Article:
U.S. Economy & Future

U.S. Economy & Future


HostIan Punnett

GuestsHoward Bloom, Clare Richardson

Multi-disciplinary scientist Howard Bloom joined Ian Punnett for a discussion on rethinking how capitalism works and the state of the U.S. economy. Bloom argued that money usually trickles up, so lowering taxes for the very wealthy does little to stimulate a faltering economic system. "If you want to get money into an economy, you put money in the pockets of the poor because those are the people who are going to spend it right away," he explained.

The failure of congressional leadership to raise the 'debt ceiling' limit has led to a loss of hundreds of billions, if not trillions of dollars, from the U.S. stock market, Bloom continued. Further, any compromise requiring $2.3 trillion in spending to be pulled from the economy will lead to higher unemployment, he predicted. The current economic debacle has also shaken the world's confidence in America's stability, Bloom said. If money starts rushing out of the dollar and U.S. Treasuries, not only is America in trouble, the entire world economy might collapse, he warned.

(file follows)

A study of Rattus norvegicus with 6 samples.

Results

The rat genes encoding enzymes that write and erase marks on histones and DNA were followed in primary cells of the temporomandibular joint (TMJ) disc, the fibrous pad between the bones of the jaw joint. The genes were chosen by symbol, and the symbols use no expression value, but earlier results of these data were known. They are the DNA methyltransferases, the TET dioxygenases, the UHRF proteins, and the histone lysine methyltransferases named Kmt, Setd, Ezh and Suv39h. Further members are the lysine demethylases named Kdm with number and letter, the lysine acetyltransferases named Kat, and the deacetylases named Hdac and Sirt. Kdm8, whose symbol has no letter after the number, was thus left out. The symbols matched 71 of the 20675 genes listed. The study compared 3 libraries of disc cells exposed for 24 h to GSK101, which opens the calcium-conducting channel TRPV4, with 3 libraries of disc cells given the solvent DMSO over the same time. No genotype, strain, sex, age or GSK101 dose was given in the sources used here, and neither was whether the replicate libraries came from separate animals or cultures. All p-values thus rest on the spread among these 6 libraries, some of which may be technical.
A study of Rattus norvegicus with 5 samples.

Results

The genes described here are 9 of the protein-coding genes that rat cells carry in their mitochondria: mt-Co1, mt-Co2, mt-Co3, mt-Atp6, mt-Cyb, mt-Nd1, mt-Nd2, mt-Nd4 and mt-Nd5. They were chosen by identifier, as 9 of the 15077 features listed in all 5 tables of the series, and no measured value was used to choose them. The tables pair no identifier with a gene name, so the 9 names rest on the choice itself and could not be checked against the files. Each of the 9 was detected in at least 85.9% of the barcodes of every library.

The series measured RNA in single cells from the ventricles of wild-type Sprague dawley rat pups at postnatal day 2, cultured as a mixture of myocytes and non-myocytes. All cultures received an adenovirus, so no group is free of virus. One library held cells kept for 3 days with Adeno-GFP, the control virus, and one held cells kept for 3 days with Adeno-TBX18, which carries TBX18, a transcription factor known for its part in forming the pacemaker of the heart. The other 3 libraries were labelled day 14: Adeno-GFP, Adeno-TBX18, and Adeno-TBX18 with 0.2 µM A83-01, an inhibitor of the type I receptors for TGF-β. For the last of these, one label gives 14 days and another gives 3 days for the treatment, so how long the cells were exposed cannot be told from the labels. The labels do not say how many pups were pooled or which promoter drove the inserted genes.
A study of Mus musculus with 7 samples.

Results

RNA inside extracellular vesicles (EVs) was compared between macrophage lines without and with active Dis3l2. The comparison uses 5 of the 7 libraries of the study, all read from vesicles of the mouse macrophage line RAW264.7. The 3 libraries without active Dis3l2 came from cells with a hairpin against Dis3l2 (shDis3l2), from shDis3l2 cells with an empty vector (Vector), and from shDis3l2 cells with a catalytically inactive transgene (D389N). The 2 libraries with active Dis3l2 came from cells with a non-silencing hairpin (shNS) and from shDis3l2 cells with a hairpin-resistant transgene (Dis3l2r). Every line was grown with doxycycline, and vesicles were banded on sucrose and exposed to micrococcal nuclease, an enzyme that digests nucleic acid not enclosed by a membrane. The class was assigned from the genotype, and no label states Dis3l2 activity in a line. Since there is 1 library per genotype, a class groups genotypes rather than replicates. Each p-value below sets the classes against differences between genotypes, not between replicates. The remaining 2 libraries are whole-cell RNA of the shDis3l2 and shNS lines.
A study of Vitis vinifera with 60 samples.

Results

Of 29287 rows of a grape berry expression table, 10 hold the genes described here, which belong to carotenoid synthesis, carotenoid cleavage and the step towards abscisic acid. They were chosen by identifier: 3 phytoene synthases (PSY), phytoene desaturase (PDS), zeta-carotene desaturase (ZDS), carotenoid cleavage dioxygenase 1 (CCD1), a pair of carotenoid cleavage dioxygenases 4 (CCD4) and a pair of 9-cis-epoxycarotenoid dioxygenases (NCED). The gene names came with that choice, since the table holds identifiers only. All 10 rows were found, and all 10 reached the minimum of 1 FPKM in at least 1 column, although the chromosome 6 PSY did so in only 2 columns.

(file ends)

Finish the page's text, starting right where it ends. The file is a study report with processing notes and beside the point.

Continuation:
Money pulled out of the U.S. economy could go to Germany, one of the greatest exporting nations in the world, or to China, Bloom speculated. He expects China will eventually make a bid to replace the U.S. dollar as the reserve currency of the world with a Chinese currency. Bloom praised China for undertaking large government projects, such as railway systems and dams, because such enterprises generate jobs, put money into the economy, increase confidence, and raise the human spirit. We need to do the same type of thing here, perhaps with a large scale solar power project, Bloom said, noting that America still leads the world in innovation.

Planet of the Apes

In the first half-hour, Clare Richardson, CEO of the Diane Fossey Gorilla Fund, spoke about the new movie Rise of the Planet of the Apes. Richardson commented on Andy Serkis' remarkable turn as the computer-generated Caesar—the story's lead primate. Before filming, Serkis studied gorilla behavior for several weeks in Africa at Diane Fossey's Karisoke Research Center, she explained. The coordinated ape uprising presented in the movie is an unlikely scenario, Richardson continued, adding that non-human primates are not intrinsically violent creatures. Humans are much more destructive, probably the most violent primate on the planet, she said.